Air-to-surface missiles developed for the F-35 fighter jet could be used with Turkey’s locally-developed national combat aircraft and unmanned aerial vehicles (UAVs), the country’s industry and technology minister said on Saturday.
Two countries developed the SOM-J cruise missile, said Mustafa Varank during a press briefing at the 22nd National Sky Observation Festival in Antalya.
“If the countries in the F-35 program want to buy this type of cruise missile, we can easily sell these missiles even if we are out of the program,” he added.
Turkey’s locally-produced SOM-J cruise missile can also be integrated into Akinci UAVs produced by Turkish company Baykar, said Varank, adding that the apex of the UAV project would be to produce unmanned combat aircraft.
“This is the future of UAVs. I believe Akinci will have a huge multiplier effect in our defense industry,” he said.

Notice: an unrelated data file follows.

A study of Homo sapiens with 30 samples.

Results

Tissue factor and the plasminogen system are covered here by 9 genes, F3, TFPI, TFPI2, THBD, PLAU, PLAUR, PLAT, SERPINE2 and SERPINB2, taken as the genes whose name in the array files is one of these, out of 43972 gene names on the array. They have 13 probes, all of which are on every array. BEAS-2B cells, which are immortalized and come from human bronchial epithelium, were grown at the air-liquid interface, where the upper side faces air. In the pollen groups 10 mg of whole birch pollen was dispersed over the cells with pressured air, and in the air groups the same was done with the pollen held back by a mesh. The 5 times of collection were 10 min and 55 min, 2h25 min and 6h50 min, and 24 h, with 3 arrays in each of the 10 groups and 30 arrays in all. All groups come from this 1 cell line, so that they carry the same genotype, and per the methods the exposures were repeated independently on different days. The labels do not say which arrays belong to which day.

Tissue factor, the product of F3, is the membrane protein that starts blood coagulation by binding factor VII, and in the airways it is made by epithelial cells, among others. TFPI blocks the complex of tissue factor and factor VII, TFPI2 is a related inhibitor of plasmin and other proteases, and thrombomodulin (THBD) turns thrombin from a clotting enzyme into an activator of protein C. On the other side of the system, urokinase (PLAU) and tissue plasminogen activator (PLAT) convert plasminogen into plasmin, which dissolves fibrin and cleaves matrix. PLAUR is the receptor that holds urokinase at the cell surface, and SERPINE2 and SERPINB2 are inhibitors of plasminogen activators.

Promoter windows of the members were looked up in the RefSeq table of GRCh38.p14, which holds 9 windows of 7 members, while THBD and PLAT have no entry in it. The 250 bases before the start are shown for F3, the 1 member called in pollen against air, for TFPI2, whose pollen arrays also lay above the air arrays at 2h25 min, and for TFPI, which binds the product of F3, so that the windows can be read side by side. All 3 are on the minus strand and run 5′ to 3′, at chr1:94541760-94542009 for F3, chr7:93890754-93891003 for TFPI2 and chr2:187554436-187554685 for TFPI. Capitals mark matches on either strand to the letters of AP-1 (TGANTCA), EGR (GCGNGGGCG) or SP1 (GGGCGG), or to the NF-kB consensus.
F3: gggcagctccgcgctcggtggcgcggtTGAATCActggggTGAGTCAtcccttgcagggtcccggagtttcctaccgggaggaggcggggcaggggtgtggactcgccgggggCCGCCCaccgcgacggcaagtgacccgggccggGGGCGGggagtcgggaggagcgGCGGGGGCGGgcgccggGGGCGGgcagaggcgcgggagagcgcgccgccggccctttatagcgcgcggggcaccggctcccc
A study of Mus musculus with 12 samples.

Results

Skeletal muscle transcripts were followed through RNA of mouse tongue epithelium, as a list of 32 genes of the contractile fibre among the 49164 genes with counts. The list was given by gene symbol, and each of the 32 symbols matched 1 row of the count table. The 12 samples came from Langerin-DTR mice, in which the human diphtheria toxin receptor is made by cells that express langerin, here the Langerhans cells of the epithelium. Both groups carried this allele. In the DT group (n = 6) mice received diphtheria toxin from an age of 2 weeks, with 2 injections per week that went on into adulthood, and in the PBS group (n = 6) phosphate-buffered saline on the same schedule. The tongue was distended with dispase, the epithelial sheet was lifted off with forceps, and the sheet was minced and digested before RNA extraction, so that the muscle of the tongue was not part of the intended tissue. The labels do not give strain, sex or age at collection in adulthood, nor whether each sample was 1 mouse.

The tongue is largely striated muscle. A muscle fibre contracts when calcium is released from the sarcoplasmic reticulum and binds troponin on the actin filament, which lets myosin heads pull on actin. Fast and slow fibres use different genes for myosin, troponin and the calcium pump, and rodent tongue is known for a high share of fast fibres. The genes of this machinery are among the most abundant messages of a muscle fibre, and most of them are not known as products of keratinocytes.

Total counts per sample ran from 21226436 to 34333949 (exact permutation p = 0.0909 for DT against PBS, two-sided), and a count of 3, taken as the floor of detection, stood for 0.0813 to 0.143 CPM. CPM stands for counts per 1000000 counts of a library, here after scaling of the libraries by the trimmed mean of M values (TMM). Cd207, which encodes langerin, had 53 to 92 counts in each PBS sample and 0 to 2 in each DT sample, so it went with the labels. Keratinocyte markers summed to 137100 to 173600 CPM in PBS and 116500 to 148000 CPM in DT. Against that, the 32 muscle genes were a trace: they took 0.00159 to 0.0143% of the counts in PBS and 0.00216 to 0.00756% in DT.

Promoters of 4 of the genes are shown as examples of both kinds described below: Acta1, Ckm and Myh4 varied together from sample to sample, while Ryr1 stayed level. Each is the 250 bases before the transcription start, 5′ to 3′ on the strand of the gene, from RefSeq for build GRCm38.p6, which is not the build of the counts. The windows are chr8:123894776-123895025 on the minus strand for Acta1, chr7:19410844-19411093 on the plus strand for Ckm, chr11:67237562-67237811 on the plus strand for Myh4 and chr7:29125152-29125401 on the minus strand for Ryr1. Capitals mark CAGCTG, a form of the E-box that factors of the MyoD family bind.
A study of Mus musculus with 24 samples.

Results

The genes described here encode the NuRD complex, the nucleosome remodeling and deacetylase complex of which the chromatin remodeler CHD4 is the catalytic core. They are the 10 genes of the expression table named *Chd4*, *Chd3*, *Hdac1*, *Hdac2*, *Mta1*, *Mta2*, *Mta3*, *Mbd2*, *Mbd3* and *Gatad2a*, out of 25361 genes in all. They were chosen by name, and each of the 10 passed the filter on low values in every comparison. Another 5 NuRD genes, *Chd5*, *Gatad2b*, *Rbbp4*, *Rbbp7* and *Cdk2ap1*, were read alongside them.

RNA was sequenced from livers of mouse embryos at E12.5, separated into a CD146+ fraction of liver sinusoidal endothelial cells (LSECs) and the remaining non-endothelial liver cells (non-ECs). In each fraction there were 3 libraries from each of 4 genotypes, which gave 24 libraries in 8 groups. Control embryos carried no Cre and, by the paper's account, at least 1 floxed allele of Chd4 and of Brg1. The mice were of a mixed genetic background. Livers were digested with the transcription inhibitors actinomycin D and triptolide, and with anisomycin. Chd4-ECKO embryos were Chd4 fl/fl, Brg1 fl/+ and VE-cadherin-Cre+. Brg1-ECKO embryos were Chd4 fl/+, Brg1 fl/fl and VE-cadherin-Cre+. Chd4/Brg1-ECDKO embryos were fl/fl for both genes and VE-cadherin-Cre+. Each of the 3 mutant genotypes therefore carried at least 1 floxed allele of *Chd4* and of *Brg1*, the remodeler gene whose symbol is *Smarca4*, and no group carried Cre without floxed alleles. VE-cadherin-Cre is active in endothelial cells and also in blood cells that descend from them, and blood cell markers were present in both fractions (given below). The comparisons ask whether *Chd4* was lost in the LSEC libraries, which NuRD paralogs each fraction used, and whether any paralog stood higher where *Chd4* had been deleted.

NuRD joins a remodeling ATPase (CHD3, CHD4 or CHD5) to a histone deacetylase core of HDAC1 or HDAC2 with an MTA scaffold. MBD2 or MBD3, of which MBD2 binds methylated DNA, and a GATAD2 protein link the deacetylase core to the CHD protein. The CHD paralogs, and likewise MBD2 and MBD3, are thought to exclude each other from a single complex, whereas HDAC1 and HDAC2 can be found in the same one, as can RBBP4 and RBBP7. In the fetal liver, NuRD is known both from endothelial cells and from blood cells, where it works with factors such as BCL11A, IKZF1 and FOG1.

Since 2017, Turkey and the U.S. have been at odds over Turkey’s decision to buy the S-400, a Russian-made missile defense system, and U.S. threats to break its contract to sell Turkey F-35 jets over the dispute.
U.S. officials have argued the Russian system would be incompatible with NATO systems and expose the F-35s to possible Russian subterfuge.
Turkey, however, has emphasized the S-400 would not be integrated into NATO systems and would not pose a threat to the alliance.
The delivery of S-400 components began last week and is ongoing, with 14 shipments of related equipment so far have landed in Turkey over the last nine days.
Deliveries are set to continue through April 2020.